Obama’s comments came during a televised town hall meeting hosted by CNN at George Mason University in Fairfax, Virginia. When asked by Anderson Cooper, the host of the town hall, about the belief held by some that the president’s executive orders aim to take away all guns, Obama responded saying “I’m sorry, yes, it is fair to call it a conspiracy.”

“What are you saying? Are you suggesting that the notion that we are creating a plot to take everyone’s guns away so that we can impose Marshall Law is a conspiracy? Yes, that is a conspiracy,” Obama added. “I’m only going to be here for another year. When would I have started on this enterprise? Right?” the president said.

“I come from the state of Illinois, which, we’ve been talking about Chicago, but down-state Illinois is closer to Kentucky than it is to Chicago and everybody hunts down there and a lot of folks own guns, and so this is not alien territory to me,” the president said as part of his argument that he is not aiming to take away guns from responsible gun owners.

The idea that he is working to take away all guns “is a false notion that I believe is circulated for either political reasons or commercial reasons in order to prevent a coming together among people of good will to develop common sense rules that will make us safer while preserving the second amendment,” Obama said. “And, the notion that we can’t agree on some things, while not agreeing on others, and the reason for that being ‘well, the president secretly wants to do x’ would mean that we’d be paralyzed about doing everything,” the president added.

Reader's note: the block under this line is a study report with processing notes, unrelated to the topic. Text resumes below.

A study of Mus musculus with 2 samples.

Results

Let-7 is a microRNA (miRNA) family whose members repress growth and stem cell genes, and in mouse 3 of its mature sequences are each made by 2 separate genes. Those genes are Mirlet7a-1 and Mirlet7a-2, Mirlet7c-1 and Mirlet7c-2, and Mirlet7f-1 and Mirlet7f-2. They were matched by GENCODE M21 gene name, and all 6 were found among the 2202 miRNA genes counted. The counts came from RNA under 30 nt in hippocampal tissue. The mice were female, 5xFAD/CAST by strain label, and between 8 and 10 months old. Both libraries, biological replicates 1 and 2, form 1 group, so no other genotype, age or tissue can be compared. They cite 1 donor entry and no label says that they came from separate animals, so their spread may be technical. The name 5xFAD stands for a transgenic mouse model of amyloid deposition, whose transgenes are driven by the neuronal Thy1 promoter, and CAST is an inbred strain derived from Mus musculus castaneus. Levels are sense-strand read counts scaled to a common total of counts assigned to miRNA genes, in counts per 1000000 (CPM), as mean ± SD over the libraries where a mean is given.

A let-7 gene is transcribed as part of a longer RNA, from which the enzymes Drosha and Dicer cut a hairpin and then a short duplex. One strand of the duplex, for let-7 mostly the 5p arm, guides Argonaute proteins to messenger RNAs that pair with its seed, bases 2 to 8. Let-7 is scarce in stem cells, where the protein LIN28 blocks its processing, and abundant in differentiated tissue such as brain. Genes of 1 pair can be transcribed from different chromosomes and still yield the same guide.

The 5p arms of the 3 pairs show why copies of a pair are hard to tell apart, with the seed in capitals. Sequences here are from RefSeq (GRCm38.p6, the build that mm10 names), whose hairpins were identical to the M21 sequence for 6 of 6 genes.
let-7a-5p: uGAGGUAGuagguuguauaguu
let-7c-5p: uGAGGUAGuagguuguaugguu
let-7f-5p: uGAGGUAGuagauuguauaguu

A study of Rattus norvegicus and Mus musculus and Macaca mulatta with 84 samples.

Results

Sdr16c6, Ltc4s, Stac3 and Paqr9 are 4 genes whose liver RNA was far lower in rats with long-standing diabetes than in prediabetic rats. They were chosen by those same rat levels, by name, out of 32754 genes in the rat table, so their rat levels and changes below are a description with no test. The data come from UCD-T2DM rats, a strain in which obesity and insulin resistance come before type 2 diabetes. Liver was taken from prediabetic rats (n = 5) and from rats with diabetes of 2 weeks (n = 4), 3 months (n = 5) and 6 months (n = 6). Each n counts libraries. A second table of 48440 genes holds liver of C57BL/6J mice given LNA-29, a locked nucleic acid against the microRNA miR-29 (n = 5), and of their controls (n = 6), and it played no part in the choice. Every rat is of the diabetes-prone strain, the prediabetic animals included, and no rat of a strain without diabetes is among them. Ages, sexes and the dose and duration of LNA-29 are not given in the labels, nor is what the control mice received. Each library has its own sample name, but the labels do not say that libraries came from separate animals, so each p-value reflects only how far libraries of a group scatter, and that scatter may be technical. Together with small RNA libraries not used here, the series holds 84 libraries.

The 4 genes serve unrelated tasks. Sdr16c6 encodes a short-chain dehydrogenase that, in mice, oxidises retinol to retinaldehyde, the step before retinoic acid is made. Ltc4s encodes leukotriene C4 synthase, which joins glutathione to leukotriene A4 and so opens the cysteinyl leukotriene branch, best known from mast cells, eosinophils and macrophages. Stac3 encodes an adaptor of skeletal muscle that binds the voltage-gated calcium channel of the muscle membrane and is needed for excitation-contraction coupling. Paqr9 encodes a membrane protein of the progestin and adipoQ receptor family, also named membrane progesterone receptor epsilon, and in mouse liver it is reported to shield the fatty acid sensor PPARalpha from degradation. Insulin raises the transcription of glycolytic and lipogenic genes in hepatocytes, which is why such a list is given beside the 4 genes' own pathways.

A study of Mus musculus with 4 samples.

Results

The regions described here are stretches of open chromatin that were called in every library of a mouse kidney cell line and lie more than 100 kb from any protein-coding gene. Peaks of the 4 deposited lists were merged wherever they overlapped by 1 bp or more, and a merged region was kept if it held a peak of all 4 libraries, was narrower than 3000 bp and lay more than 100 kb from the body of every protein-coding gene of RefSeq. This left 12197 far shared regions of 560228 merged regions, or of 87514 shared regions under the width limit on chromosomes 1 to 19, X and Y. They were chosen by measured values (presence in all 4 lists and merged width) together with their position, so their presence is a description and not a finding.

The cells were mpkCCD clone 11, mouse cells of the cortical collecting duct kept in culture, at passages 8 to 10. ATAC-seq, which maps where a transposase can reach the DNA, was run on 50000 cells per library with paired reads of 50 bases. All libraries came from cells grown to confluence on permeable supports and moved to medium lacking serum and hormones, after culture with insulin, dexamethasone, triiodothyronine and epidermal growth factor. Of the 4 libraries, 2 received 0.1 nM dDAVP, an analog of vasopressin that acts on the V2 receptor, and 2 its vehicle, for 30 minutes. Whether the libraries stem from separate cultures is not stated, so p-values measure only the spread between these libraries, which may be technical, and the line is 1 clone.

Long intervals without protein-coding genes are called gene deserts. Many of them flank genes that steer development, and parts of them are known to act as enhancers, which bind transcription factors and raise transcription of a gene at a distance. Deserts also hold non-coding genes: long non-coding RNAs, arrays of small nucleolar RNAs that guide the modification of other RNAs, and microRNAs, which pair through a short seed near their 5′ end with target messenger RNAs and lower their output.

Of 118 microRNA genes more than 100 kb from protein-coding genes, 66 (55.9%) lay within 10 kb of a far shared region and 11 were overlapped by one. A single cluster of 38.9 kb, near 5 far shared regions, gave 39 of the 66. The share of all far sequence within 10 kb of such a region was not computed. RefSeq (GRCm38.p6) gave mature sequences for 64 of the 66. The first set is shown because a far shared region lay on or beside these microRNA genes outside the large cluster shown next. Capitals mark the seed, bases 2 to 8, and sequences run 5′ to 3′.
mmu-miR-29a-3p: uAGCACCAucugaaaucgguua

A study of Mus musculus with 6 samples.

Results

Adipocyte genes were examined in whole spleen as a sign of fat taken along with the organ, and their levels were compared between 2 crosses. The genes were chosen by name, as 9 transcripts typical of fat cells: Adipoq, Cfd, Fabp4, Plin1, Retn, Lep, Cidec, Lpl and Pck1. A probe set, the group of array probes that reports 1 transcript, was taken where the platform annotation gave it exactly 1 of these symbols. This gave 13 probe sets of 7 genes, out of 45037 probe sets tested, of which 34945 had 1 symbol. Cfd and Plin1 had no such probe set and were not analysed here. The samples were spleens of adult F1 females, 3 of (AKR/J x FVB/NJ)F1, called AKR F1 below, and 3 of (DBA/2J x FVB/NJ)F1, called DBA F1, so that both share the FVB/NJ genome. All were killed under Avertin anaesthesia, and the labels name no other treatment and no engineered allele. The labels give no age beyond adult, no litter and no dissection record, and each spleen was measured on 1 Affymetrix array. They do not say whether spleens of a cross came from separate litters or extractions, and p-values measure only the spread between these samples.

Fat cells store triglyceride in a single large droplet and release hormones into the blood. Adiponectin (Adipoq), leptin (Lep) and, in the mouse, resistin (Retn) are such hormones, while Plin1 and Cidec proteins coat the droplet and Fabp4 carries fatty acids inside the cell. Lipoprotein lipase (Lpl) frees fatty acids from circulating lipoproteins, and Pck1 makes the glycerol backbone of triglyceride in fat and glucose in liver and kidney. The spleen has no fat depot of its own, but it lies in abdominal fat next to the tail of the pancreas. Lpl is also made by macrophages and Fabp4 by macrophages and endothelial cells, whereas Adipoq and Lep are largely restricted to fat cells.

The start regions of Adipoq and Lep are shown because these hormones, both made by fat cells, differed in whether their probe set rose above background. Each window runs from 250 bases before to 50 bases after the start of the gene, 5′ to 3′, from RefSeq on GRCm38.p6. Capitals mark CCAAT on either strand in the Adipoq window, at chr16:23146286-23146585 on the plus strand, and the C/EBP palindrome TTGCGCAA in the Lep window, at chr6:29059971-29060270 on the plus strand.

While the president seemed to call on lawmakers to support his gun control proposals, he spent most of the one-hour forum answering challenging questions from the audience of nearly 100 people who were either affected by gun related violence, or had loved ones who were. However, notably missing from the audience was the National Rifle Association (NRA), which boycotted the event, though Obama said he has repeatedly suggested speaking with the organization on the topic of gun control. NRA supporters were outside the university event venue protesting the town hall.

Shortly before he appeared in the televised town hall event, the president published an op-ed in the New York Times reiterating his belief that “the epidemic of gun violence in our country is a crisis. Gun deaths and injuries constitute one of the greatest threats to public health and to the safety of the American people.”

“A national crisis like this demands a national response,” the president added. “Reducing gun violence will be hard. It’s clear that common-sense gun reform won’t happen during this Congress.”

In his op-ed, the president cited statistics showing that every year, over 30,000 Americans die because of gun violence.